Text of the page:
It’s the cry of children whose parents take to social media and chronically embarrass themselves – think sexual status updates and jarring intrusions on your Facebook wall.
And no one has it worse than Frances Bean Cobain, whose mother Courtney Love – once again – took to Twitter to humiliate herself with a series of rambling messages, this time at the expense of her 19-year-old daughter.
“i hear from frannies roommate that @davegrohl hit on frances, and that she was curious, I’m not mad at her, him i am about to shoot, dead,” The Hole singer tweeted.
Her account – @cbabymichelle – is locked from the public, but hardly private: Gawker was able to post a screen grab of the whole sad momma-bear thread.
For her part, Frances had had enough, issuing this statement: “While I’m generally silent on the affairs of my biological mother, her recent tirade has taken a gross turn. I have never been approached by Dave Grohl in more than a platonic way. I’m in a monogamous relationship and very happy.”
“Biological mother” (read: “I didn’t choose her”) no doubt stung, as did the kicker: “Twitter should ban my mother.”
(Mr. Grohl also responded in a statement: “Unfortunately Courtney is on another hateful Twitter rant. These new accusations are upsetting, offensive and absolutely untrue.”)
As usual, no one is pitying Ms. Love, but it can go both ways with parental gaffes on social media, at least where celebrities are concerned.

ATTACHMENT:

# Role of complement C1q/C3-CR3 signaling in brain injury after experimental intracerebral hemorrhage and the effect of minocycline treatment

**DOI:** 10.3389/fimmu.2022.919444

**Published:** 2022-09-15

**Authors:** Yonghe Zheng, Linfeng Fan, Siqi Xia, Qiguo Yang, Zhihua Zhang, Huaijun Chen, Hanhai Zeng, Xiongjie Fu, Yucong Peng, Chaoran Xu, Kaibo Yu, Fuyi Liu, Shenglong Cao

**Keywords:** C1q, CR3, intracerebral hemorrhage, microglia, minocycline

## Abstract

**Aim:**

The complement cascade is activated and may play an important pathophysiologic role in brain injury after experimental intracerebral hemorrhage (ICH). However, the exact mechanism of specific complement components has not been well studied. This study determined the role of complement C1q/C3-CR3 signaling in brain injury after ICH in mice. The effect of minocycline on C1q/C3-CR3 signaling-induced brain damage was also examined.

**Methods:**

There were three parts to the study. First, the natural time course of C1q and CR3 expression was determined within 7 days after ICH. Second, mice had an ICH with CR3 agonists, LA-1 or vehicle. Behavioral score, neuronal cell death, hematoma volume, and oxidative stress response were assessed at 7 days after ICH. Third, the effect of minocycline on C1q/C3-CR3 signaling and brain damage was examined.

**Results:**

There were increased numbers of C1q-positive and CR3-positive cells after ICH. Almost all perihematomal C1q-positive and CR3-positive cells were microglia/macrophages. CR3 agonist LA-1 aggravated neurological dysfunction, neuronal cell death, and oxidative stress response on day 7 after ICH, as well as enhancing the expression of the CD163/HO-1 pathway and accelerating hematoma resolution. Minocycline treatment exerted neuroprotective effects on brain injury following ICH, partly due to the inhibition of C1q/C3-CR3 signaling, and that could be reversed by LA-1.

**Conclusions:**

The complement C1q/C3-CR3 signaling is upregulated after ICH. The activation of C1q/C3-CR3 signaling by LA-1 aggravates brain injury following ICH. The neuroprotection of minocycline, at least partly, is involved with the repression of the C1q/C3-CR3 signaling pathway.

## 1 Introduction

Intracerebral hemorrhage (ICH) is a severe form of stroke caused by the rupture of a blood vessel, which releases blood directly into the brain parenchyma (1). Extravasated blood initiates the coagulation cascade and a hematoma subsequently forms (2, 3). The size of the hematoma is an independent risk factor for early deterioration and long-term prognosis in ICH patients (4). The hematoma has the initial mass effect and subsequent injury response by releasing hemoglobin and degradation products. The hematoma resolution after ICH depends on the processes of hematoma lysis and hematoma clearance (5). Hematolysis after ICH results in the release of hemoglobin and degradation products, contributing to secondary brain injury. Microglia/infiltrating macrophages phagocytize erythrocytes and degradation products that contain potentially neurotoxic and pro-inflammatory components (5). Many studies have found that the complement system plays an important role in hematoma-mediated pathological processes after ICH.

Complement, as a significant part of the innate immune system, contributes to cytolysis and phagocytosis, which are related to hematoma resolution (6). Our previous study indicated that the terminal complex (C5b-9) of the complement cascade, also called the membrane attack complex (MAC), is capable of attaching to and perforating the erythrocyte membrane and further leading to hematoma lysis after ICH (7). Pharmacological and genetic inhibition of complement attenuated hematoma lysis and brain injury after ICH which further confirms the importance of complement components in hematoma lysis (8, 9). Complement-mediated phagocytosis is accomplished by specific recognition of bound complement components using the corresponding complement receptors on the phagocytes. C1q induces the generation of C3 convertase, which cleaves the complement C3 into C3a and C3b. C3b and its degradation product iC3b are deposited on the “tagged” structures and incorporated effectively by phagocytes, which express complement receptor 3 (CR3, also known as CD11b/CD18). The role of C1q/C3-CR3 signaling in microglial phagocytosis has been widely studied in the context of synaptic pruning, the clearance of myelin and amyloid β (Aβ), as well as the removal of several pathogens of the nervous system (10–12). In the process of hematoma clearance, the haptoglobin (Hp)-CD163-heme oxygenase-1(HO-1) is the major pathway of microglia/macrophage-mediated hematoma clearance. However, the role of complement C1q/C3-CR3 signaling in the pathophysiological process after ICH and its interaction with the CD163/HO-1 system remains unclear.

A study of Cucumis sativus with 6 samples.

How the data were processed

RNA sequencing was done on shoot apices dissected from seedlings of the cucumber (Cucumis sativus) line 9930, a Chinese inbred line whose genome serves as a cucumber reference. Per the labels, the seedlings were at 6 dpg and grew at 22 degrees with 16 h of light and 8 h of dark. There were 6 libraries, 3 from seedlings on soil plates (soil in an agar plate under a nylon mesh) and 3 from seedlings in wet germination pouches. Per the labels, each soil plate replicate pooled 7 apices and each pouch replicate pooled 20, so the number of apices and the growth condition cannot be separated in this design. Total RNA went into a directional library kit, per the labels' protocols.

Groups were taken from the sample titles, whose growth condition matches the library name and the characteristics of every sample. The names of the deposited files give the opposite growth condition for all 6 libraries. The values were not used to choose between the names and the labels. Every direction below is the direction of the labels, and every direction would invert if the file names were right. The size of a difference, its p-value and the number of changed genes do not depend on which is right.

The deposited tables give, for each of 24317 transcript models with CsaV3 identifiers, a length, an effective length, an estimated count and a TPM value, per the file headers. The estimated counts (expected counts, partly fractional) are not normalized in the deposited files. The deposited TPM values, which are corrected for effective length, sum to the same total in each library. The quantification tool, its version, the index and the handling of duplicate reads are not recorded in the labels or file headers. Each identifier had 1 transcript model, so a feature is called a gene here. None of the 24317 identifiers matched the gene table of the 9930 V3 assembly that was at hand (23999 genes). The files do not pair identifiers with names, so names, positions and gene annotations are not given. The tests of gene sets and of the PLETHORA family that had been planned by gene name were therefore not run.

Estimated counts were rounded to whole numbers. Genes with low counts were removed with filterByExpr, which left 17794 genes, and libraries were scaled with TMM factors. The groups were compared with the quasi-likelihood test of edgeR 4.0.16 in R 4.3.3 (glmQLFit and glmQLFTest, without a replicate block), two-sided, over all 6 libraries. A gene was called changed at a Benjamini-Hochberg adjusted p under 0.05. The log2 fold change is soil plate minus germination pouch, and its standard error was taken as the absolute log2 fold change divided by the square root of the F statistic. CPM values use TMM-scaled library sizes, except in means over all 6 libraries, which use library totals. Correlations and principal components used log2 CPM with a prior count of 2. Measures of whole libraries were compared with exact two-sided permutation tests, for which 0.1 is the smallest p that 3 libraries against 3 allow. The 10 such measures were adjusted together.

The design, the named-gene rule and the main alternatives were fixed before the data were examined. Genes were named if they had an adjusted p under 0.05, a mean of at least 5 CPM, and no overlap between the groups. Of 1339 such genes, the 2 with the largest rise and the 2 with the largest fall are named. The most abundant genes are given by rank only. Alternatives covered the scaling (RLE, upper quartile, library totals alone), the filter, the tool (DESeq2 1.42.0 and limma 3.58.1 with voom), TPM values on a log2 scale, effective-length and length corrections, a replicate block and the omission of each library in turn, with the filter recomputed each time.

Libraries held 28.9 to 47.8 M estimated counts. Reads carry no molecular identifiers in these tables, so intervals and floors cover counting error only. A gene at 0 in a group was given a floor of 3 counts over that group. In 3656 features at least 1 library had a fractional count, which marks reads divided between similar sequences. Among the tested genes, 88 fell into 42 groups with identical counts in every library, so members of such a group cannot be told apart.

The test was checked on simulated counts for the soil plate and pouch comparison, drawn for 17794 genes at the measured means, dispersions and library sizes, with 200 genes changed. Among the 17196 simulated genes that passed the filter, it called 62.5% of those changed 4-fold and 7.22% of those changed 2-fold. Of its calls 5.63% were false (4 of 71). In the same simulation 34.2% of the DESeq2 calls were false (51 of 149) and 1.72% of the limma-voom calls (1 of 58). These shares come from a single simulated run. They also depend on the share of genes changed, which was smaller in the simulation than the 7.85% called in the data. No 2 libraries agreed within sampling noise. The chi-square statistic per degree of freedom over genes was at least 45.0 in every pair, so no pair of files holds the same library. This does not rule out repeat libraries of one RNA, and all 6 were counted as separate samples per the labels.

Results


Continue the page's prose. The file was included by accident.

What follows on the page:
That was the case in an endlessly entertaining Twitter spat between rapper Bow Wow and his mother, Teresa Caldwell, who had taken to tweeting her disappointment in her son, this after he boasted online about driving his “Lambo” drunk.
“It’s time for Bow 2 spend some QT with me now,” mom tweeted about the dearth of quality time with her boy. “He’s been with JD all day. I’m leaving 2morrow. That’s how sons r. Daughters aren’t like that.”
Then she got domestic: “the bentley had a flat. Take those rims off.” And then she got pervy: “My ex is looking good. To [sic]bad I have a boo.”
It was all too much for Bow Wow, who tweeted: “Making my mother delete her twitter account. NOW!” When that failed, he threatened to delete his own account, which backfired as fans rallied around Ms. Caldwell instead. In the end, Bow Wow’s impudent tweets disappeared, the digital equivalent of being sent to your room without supper.
How do you deal with parental intrusions on your Facebook and Twitter accounts? Do family members air your dirty laundry online because they can’t reach you on the phone?